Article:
To test the effects of dobutamine and dopexamine on hepatic portal and sinusoidal blood flow in a model of normodynamic endotoxemia.
Randomized, controlled trial.
Male Wistar rats (250–350 g).
A total of 40 male Wistar rats were randomized into four groups: a control group, which only received Ringer’s solution; an endotoxin group, which received a continuous infusion of 2 mg/kg body weight (bw)/hr of endotoxin; a dobutamine group, which received endotoxin and a continuous infusion of dobutamine (3 μg/kg bw/min); and a dopexamine group, which received endotoxin and dopexamine (2 μg/kg bw/min). The experimental period was 120 min.
Mean arterial blood pressure (MAP), heart rate (HR), and cardiac output (CO) were detected. Portal blood flow was measured using an ultrasonic flow probe positioned around the portal vein, and sinusoidal blood flow was detected in the left liver lobe using intravital microscopy. All detected variables remained stable in the control group. In the endotoxin group, HR increased significantly and MAP decreased significantly from 111 ± 10 mm Hg to 95 ± 8 mm Hg at 120 mins, whereas CO remained unchanged. Both in the dobutamine and the dopexamine group HR increased and MAP decreased more than in the endotoxin group. CO increased in both groups significantly. Portal blood flow (23 ± 4 mL/min to 16 ± 3 mL/min) and sinusoidal blood flow (38.6 ± 2.5 to 22.8 ± 1.2 103 μm3/sec) decreased significantly in the endotoxin group. In the dobutamine and the dopexamine group portal and sinusoidal blood flow remained at baseline values.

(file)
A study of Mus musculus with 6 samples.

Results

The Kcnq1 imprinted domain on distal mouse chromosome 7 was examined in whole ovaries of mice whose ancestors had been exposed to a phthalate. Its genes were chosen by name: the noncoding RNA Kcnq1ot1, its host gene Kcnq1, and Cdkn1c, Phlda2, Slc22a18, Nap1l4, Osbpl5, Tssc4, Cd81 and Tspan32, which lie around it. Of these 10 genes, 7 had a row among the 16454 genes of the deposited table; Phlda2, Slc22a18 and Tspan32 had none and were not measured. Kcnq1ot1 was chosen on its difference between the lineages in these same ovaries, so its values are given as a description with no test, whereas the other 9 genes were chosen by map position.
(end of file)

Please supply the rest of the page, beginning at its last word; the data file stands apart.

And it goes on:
In our model of endotoxemia, dobutamine and dopexamine preserved systemic and hepatic blood flow. These preservations of hepatic blood flow during endotoxemia could portend beneficial effects but need to be studied further.
From the Departments of Anaesthesiology (Drs. Secchi, Ortanderl, Schmidt, Walther, Martin, and Schmidt) and Experimental Surgery (Dr. Gebhard), University of Heidelberg, Heidelberg, Germany.
We found that dobutamine and dopexamine maintain hepatic micro- and macrocirculatory blood flow.
Supported, in part, by an institutional research fund of the Department of Anaesthesiology, University of Heidelberg.